Sammy: A Tale of Terror and Dog Riots
What's it about?
Tonight's nostalgic pic is "Sammy, the Way-Out Seal" (Disney, 1962). While on vacation on the beach, preteen Arthur Loomis (Michael McGreevey) and his little brother Petey (Bill Mumy, before his famous role as "Will Robinson" on "Lost in Space" but long after his first appearance in TV and film), happen upon a seal with a pretty nasty wound.
|This guy was a Disney regular for decades after this.
|Bill Mumy at his absolute Mumiest.
Concerned for the creature, the boys get their dad's first aid kit and nurse the seal back to health. Afterwards, they spend the rest of their vacation playing with the seal that they affectionately named "Sammy."
|See dumb animals perform tricks -- also: A seal!
When they are ready to go home, the boys decide that they want Sammy to join them, and hide him in the family's utility trailer to sneak him back to their home in the landlocked town of Gatesville. Once back, the two kids rope their friend Porsche "Rocky" Sylvester (Ann Jillian) into helping them (because her family has a swimming pool) while they work up the courage to tell their father Chester (Robert Culp) and mother Helen (Patricia Barry) what they have done.
|This traumatized Robert Culp so much, he decided to be a murderer on "Columbo" several times afterwards.
|Pictured: House mom.
|A young Ann Jillian helps out.
|The pool gets a SEAL of approval! Get it?
Soon the precocious Sammy is invading Rocky's father Harold's (Jack Carson) garden party, stealing food, and generally causing mayhem for the small town!
|And the man in the back said "everyone attack," and it turned into a poolside blitz!
This production was (probably) originally produced as a low budget film, but was broken up into two hour-long episodes of "The Wonderful World of Disney" back when it was known as "Walt Disney's Wonderful World of Color" (even though most people didn't have color television sets until the early 1970s). Director Norman Tokar seemed to be an experienced sitcom director ("Leave It to Beaver"), but eventually did a lot of animal-based comedies after this. It is notable that this is sadly the last appearance of comedic actor Jack Carson, who passed away from terminal cancer a few short months after its airing.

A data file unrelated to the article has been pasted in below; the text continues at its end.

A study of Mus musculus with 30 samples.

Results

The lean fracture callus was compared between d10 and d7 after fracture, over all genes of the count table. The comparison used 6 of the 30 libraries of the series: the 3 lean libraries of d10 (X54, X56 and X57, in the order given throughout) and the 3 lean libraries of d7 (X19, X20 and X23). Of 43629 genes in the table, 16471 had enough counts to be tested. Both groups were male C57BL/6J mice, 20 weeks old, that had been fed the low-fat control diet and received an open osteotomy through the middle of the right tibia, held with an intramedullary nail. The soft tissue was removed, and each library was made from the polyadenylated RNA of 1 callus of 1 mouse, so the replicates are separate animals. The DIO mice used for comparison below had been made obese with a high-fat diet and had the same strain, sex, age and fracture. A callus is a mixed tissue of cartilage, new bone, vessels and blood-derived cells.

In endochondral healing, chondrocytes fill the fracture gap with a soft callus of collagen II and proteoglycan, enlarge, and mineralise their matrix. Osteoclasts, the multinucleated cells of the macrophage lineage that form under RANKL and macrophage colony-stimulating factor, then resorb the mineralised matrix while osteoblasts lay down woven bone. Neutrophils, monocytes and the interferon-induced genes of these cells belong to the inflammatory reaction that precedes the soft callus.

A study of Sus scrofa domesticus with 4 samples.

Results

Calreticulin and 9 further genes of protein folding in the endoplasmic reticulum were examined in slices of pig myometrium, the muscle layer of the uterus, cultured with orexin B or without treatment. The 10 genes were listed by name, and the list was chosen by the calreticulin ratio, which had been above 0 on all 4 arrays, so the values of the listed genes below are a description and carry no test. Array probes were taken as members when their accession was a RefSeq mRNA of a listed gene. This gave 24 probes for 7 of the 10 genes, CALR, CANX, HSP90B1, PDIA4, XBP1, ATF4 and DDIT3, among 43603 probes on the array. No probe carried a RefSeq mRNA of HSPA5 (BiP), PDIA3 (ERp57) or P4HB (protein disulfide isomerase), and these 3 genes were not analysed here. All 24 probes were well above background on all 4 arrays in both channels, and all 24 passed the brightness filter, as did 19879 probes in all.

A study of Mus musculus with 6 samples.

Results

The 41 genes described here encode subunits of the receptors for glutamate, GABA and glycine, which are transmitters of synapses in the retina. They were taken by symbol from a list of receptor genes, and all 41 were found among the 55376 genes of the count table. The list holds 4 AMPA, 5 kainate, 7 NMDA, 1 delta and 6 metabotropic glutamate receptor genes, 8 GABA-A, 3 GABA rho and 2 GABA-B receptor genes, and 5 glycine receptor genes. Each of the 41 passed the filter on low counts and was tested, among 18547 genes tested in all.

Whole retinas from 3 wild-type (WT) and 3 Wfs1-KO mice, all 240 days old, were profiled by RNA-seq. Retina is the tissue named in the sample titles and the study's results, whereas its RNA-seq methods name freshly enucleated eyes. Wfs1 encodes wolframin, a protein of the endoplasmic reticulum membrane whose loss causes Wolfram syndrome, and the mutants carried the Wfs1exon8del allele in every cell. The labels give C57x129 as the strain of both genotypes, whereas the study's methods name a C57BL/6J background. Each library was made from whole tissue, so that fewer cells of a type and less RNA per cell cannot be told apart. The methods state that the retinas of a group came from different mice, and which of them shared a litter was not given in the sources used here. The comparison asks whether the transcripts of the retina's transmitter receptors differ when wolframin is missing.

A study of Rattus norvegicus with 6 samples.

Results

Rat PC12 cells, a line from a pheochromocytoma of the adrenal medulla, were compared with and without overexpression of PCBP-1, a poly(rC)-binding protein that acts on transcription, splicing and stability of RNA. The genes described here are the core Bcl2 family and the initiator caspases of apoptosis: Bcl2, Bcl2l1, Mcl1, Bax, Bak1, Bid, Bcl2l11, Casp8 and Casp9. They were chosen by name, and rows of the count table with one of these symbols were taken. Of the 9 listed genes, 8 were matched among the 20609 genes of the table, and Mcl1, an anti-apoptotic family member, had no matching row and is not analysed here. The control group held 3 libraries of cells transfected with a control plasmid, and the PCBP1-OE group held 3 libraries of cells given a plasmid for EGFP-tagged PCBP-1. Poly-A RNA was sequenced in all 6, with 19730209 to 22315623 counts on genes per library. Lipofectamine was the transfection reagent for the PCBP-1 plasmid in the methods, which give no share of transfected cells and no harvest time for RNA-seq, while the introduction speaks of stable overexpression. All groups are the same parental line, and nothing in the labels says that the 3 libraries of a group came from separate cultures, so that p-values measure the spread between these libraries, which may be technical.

|I immediately recognized him from the 1944 production of "Arsenic and Old Lace."
Modern audiences will notice that this streaming version on Disney+ is only 44 minutes long; this seems to be a heavily edited version of the original film, and some scenes are truncated to the point where they don't seem to go anywhere or jump to another sequence entirely. I remember it being longer when our elementary school used it for "movie day" when I was a kid in the 80s, so there's definitely some content that was left on the cutting room floor here. The story is still coherent enough, so it definitely doesn't overstay its welcome in its current form.
|They did leave in the entire dog riot, though.
|Dog riot: The cutest kind of riot!
Observant viewers will also notice that the seal they use in some scenes seems to have additional injuries that are not addressed in the film, which may mean that there is some evidence of abuse or neglect of the animal performers, which sadly wasn't unheard of at the time, and which Walt Disney Productions was a notable grievous offender.
On its own, it's a cute little movie. The kids are inventive, and Sammy is adorable, with none of the biting savagery of an actual seal (they are predatory wild animals, after all).
|Proof of a seal's savagery? This one is played by Forest Whitaker.
Just make sure that your kids know that it's NOT OKAY to try to bet a seal without professional supervision. There is one scene that is a little graphic as the kids try to heal Sammy's wound, but otherwise it seems like lighthearted animal fun, especially when Sammy causes a pack of dogs to basically riot through a grocery store, which is adorable and funny. On a personal note, it was nice to see an old grocery store like from my childhood, with uniformed employees, wood paneled walls, and plenty of chrome cigarette vending machines, just waiting for young children to put their money in and pull that satisfying lever.
Where can you watch it?
"Sammy, the Way-Out Seal" is rated TV-G for all audiences in the USA and is currently streaming on Disney+.